When the Court Should Not Be Obeyed?

by Chuck Colson

A few years ago the journal First Things ran an article with a startling title: It was called "When the Court Should Not Be Obeyed."

The author, Russell Hittinger, argued that the Supreme Court, by its rulings on abortion, has raised questions about its own legitimacy. Remember, the first responsibility of government is to protect the lives of innocent people. Yet, with abortion, the government supports wielding lethal force against the innocent for private purposes.

So, Hittinger argues, our government has abrogated its first responsibility—and thereby given up its first claim to our obedience.

Is this truly a time when the Court should not be obeyed?

The abortion issue brings into sharp focus the issue of civil disobedience. In biblical teaching, God has ordained certain authority structures—the family, the church, and the state—which we are commanded to honor and obey. But none of these structures has ultimate authority over our lives. Only God does.

That means that if any earthly power oversteps its proper jurisdiction, then Christians have not only the right but also the duty to resist—always, I might add, peacefully. The duty not to obey should never be taken lightly. Christians are justified in disobeying the civil law only when it contravenes a higher law. Civil disobedience should never stem from defiance of government, but only from submission to God.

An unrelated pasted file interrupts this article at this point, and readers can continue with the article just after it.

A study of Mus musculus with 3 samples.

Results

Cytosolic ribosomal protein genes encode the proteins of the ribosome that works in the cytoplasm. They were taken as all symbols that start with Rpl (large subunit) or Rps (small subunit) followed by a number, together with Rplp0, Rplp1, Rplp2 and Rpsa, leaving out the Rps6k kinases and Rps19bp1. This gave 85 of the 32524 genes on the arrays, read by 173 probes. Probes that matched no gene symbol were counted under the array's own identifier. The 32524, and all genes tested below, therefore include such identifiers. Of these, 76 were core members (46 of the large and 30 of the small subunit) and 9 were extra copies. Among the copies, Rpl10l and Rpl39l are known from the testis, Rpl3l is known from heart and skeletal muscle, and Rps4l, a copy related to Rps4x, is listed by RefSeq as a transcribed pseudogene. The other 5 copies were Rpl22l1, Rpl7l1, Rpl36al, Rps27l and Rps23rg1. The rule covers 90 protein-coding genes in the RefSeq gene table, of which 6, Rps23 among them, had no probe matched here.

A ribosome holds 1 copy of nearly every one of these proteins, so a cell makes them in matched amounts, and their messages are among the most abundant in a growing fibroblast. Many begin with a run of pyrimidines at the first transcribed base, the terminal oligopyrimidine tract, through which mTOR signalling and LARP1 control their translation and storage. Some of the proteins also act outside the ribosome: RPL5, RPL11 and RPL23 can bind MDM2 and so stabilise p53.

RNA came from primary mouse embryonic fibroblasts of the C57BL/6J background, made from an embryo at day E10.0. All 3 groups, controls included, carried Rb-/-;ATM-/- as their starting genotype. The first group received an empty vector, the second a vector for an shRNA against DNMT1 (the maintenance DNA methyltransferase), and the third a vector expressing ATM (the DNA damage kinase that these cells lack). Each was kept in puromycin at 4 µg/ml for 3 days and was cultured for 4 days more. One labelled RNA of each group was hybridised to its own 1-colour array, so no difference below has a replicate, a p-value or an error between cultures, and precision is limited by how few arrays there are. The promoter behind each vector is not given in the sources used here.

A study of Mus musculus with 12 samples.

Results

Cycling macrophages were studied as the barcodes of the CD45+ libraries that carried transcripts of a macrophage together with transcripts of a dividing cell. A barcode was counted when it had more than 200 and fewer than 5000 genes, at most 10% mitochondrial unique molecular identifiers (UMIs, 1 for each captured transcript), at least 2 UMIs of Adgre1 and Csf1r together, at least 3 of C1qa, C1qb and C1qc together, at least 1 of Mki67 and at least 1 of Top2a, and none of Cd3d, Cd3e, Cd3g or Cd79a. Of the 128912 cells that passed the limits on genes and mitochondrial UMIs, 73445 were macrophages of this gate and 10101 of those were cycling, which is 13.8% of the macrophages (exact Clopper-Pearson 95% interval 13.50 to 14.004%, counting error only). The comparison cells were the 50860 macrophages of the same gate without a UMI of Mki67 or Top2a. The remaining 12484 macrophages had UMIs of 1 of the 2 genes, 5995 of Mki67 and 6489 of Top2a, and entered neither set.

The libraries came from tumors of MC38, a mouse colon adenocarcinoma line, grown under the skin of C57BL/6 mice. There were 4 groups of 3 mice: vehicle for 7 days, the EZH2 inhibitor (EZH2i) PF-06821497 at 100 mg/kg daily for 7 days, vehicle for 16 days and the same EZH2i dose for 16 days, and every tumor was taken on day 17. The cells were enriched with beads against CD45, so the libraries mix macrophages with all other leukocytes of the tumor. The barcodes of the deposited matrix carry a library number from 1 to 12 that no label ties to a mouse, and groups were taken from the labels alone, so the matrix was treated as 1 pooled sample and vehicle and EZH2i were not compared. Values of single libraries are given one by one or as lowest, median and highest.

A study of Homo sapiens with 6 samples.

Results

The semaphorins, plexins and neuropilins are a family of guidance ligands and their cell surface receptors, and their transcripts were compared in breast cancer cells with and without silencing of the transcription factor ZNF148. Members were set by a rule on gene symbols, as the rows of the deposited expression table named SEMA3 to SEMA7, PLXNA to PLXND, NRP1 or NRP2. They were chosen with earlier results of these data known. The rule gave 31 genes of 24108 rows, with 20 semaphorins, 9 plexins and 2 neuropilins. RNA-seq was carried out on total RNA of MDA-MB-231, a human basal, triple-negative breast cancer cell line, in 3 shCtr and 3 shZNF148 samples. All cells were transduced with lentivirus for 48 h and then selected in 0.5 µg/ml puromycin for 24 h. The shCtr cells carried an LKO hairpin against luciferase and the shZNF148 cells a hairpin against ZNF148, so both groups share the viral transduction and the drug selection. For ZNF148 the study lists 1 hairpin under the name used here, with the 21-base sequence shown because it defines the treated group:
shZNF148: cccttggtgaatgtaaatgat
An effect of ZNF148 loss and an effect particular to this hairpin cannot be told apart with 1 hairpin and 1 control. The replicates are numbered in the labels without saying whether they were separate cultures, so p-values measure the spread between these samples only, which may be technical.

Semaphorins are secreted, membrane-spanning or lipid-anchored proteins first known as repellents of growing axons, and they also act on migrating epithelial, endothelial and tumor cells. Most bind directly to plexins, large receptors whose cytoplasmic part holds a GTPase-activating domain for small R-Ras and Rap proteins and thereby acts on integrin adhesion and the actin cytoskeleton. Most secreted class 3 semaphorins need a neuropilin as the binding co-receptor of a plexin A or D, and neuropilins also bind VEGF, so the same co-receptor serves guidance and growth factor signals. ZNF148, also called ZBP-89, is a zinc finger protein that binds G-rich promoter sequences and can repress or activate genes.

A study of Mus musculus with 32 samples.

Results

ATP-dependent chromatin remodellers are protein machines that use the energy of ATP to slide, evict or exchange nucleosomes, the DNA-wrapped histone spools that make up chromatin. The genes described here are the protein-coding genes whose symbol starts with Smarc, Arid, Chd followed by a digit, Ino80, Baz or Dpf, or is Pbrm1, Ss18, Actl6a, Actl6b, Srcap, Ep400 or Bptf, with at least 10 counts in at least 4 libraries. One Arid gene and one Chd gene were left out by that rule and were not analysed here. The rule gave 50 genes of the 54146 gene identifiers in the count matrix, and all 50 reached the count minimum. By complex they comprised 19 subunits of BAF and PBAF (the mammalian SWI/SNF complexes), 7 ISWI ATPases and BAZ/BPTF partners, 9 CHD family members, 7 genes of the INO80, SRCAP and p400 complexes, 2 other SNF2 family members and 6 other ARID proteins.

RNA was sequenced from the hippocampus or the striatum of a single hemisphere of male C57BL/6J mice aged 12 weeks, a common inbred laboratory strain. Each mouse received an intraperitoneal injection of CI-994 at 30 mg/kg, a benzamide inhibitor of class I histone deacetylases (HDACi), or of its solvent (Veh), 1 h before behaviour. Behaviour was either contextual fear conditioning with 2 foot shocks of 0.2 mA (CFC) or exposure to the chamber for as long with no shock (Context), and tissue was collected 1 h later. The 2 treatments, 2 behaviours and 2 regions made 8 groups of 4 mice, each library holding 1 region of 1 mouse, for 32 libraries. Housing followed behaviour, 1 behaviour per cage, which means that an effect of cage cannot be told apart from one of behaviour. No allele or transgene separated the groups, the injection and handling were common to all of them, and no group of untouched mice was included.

The classic New Testament example, of course, is when Peter and John were ordered to stop preaching about Jesus. They replied, "Punish us if you must, but we will never stop preaching the Gospel."

Augustine said, "An unjust law is no law at all." And this was the basis upon which Abraham Lincoln defied the Supreme Court’s Dred Scott decision perpetuating slavery. It was also the basis on which Martin Luther King, Jr. advocated civil disobedience against laws discriminating on the basis of race.

So how does this apply to American Christians in the face of courts that are perverting laws, making them contrary to the laws of God, and aggressively interfering with the peoples right to self-government?

If courts continue to do this, we could encounter cases where unjust laws are imposed upon us. At the moment, I believe there are democratic processes still available to change the law, particularly with respect to abortion. And so long as this is true, we must work within the constitutional process.

But if the courts should close the doors altogether, the Church might have to make a deliberate decision to separate itself from government.

This is what happened in Nazi Germany. The confessing Church signed the Barmen Declaration in 1934, rejecting Hitler’s moral authority to rule. It was a courageous act, and many Christians went to prison for it.

Hittinger has raised a crucial question—one of the most difficult questions Christians will ever have to face, and we should pray that that day will never come. We should pray that the Court will recover its senses and go back to its traditional role of applying the law, not making it—and certainly not promoting a culture of death.

In the final analysis, Christians must remember that our ultimate allegiance is to the King of Kings, the One who rules over all.